Quanah Parker, a member of the Comanche tribe, was born near Wichita Falls, Texas, in 1845. His father was Chief Peta Nocona. His mother, Cynthia Ann Parker, was a white woman who had been captured by a war party when she was a child. The couple had three children, Quanah, Pecos and Topsannah.
Peta Nocoma and his warriors carried out several raids on local white settlements and in December, 1860, Lawrence Sullivan Ross and a party of Texas Rangers were sent out to find Peta Nocona. They found his camp on the banks of the Pease River. Peta Nocoma and his two sons, Quanah and Pecos, managed to escape, but most of the party, including sixteen women, were killed. Cynthia Ann Parker was spared because of her blue eyes and European features.
Cynthia and her daughter Topsannah were taken to Camp Cooper where she was identified by Isaac Parker as being the girl who had been kidnapped 24 years ago. Cynthia pleaded to be allowed to return to her Comanche family. This idea was rejected and Cynthia and Topsannah were taken to live in Parker's home at Birdsville.
The Texas legislature voted her a pension of $100 a year as compensation for being kidnapped by the Comanches. Parker did what he could to persuade Cynthia to adopt American ways. This strategy was unsuccessful and eventually she had to be locked up to stop her from returning to Peta Nocona and her two sons.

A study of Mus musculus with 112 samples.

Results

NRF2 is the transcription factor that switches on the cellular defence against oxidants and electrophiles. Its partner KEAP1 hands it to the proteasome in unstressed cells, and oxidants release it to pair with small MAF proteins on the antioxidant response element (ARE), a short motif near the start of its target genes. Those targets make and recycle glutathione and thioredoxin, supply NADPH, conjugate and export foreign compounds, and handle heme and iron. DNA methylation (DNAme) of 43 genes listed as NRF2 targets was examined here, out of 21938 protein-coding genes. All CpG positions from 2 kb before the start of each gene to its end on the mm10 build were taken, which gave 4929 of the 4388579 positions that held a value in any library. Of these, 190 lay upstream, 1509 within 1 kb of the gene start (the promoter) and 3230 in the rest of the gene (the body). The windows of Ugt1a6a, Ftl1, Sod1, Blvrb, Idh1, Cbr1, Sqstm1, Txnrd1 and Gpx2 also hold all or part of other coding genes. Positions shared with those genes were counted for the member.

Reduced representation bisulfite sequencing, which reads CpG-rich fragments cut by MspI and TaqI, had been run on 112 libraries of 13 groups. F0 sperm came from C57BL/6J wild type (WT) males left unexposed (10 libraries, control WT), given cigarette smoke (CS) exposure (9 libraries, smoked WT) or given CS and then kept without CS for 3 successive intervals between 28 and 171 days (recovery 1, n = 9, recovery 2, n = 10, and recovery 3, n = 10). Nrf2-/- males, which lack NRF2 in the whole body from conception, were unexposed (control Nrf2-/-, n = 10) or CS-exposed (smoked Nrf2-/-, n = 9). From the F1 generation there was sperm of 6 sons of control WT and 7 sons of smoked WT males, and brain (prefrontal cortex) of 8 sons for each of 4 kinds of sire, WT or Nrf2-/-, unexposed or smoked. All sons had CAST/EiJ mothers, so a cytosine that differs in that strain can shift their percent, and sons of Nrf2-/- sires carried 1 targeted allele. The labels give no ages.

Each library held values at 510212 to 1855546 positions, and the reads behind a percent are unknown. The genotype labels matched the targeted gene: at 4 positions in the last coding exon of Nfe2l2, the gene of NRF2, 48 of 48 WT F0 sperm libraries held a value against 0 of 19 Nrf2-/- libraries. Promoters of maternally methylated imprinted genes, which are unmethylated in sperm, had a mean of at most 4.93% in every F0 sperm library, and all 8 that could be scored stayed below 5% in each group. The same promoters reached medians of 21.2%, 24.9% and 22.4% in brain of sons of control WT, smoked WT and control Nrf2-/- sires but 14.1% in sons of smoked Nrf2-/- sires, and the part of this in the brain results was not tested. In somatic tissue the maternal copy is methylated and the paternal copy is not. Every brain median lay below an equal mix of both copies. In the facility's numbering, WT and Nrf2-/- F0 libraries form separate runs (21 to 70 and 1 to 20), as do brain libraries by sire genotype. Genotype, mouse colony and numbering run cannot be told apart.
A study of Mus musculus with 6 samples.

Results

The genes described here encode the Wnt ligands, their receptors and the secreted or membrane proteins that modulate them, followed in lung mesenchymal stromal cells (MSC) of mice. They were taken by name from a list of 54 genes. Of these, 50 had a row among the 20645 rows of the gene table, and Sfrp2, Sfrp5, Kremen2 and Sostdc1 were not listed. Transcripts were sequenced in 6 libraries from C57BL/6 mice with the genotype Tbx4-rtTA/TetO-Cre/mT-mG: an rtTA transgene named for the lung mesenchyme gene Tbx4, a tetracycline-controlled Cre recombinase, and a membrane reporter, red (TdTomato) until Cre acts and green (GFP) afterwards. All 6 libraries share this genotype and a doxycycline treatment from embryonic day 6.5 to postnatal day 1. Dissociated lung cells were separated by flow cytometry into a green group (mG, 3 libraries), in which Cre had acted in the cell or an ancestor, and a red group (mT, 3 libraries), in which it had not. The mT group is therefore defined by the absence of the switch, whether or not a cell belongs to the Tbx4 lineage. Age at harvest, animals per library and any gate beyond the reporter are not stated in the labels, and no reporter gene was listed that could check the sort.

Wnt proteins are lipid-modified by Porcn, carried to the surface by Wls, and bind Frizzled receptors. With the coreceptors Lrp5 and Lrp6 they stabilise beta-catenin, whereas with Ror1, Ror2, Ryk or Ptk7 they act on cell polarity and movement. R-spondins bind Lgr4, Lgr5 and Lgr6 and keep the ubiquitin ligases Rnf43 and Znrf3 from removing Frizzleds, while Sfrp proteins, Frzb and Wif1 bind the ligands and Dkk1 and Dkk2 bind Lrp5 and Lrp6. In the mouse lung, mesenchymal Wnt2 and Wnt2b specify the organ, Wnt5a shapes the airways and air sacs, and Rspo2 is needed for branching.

In 1863 Cynthia received word that Peta Nocona had been killed and her son Pecos had died of smallpox. Soon afterwards her daughter, Topsannah, died of pneumonia. Cynthia now became desperate to be reunited with Quanah. The Parker family refused and eventually Cynthia resorted to going on hunger strike. Cynthia Ann Parker starved herself to death in 1870.
Quanah developed a reputation as a courageous warrior and took part in several raids against buffalo hunters and white settlers. This included the attack at Adobe Walls in June, 1874. He was also desperate to find out what had happened to his mother. In 1875 Quanah surrendered at Fort Sill and was told that his mother had died five years earlier.
Later he accepted that his tribe should live on a reservation in Oklahoma. During the next 30 years he encouraged his people to develop agricultural skills. He also served as a judge on the reservation.